Here it is. The day of the tour. You and your family have probably come from far away, or maybe not too far, but far enough to make it an event. Your stomach is a little tight, you’re a little nervous. Maybe you’re like me and couldn’t eat a lot this morning. It’s such an exciting day! You get to see the campus today! While this is exciting, it’s hard to be able to picture anywhere becoming home for the next four years. It’s hard to know what to look for. If you’re like me, you’re more concerned about the people you’ll be living with than the classes. You’re probably more concerned with the types of people you’ll encounter, and ponder the ever present question: will I fit in? While cliché, it is nonetheless a true question, and a daunting one. How can you make the most of your college visit and know whether or not you’ll fit it? Here are some things to consider.
Watch your tour guide. Do they say hello to people your tour group passes on the way? Do they forget some facts about the school that even you know from your brochure? Did they mention professors by name, and recommend them? Did they mention school events that make people feel at home?
These are a handful of things I always keep in mind when I give a tour, and I remember thinking when I went on tours. I always wanted to hang out with the tour guides after their job was done. I enjoyed watching them with their friends, or seeing them chat with Admissions on their way out. Being able to see them interact with the staff and other students on and off the job always made me think that the campus I was visiting was a welcoming one. Watching people “off the job” was a great clue for me into the type of community into which I was entering.
Another thing to do is to think of general questions to ask the tour guide. It’s always good to tell if they can think on the spot. It also helps if you can tell if they’re going off their script and letting you into their lives. When they are answering your questions, as a tour guide, they are mixing professional opinion with their own, as I have done, which creates a wonderful insight into life on campus.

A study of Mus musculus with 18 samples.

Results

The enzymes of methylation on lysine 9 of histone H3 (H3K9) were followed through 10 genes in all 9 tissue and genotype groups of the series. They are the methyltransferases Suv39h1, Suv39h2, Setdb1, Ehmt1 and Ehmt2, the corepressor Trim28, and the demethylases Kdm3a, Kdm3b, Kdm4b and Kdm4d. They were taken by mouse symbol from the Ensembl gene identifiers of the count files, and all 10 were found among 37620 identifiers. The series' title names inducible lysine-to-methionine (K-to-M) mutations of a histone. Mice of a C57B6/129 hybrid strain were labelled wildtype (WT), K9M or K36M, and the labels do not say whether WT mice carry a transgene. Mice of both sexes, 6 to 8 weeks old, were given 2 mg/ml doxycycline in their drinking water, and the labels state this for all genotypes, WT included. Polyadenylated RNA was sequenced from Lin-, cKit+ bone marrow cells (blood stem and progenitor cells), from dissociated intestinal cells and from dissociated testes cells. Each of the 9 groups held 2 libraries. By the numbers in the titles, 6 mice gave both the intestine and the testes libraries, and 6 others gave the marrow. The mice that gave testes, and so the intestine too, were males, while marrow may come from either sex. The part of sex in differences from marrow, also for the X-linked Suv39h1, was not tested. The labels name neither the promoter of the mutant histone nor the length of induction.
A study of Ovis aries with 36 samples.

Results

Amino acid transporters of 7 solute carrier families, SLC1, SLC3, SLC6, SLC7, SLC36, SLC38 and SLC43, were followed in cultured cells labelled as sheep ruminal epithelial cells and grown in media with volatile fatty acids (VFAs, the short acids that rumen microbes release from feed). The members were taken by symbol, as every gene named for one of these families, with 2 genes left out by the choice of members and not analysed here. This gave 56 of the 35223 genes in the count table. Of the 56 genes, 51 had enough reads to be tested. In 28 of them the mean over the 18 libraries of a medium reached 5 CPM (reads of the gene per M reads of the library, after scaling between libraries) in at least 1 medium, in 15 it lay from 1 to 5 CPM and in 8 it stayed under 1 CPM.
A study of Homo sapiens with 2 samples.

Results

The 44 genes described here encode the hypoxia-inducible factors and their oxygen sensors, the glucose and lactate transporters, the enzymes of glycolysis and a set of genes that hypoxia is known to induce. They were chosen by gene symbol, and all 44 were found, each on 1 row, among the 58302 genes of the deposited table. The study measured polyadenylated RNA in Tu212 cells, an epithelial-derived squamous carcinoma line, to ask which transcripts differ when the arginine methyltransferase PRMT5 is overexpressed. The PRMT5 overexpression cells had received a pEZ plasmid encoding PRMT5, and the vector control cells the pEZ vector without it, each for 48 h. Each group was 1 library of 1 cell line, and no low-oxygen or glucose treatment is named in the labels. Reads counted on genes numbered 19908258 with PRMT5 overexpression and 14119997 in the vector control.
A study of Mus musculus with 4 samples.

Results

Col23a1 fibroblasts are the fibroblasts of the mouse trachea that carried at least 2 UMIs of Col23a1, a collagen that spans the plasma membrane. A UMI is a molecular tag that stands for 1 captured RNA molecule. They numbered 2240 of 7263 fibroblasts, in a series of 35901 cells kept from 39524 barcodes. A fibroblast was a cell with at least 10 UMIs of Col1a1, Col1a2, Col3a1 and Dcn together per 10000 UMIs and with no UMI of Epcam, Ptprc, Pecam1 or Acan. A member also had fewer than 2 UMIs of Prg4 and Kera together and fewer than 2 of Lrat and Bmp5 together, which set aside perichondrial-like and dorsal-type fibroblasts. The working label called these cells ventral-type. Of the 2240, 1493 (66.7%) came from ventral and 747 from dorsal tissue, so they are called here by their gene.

Ask questions about the first week of school. What is typically going on? What events are offered? What can be seen here during the first week? Often the first week sets the stage for the whole year, full of energy and excitement, especially at Grove City. What do the Resident Assistants, or RA’s, do on campus? How involved are they? Learn about the community you will live in, not just the one in which you will study.
With regard to classes, ask about some general things, such as if the science labs are taught by teachers’ assistants, or TA’s, or if they are instructed by the professors. If you are interested in education, find out how early you can get field experience. Ask about any services the school provides for the students’ careers, such as internship opportunities. While these may seem too specific, it will give you an idea about the amount of effort the school puts into the success of its students.
Once you become a student, all the questions you may have had at one point while visiting college will be answered. Everything that once seemed so daunting about a tour will be resolved. Every student you see seems so comfortable, and it’s hard to imagine that you could ever find a place that feels like home. Believe me though, I felt the same way, and home is just a few friends and a class away.
Taking a college tour could be your first, middle, or last step in your application process. Depending on what you think of that tour, it could be your decision maker. Having questions and the right mindset can really help make the right choices about college. Pay attention to the way students greet each other, what your tour guide knows about various events, and whether or not they know the professors. This is college life, and one day you’ll be living it. Make sure you like the life you choose.
Hi, I’m Aly! I am a sophomore English Secondary Education major with certification in Communications and English. I love everything outdoors and hope to go abroad and teach. I hope I get to one day travel the world with a couple of dogs and my Chacos.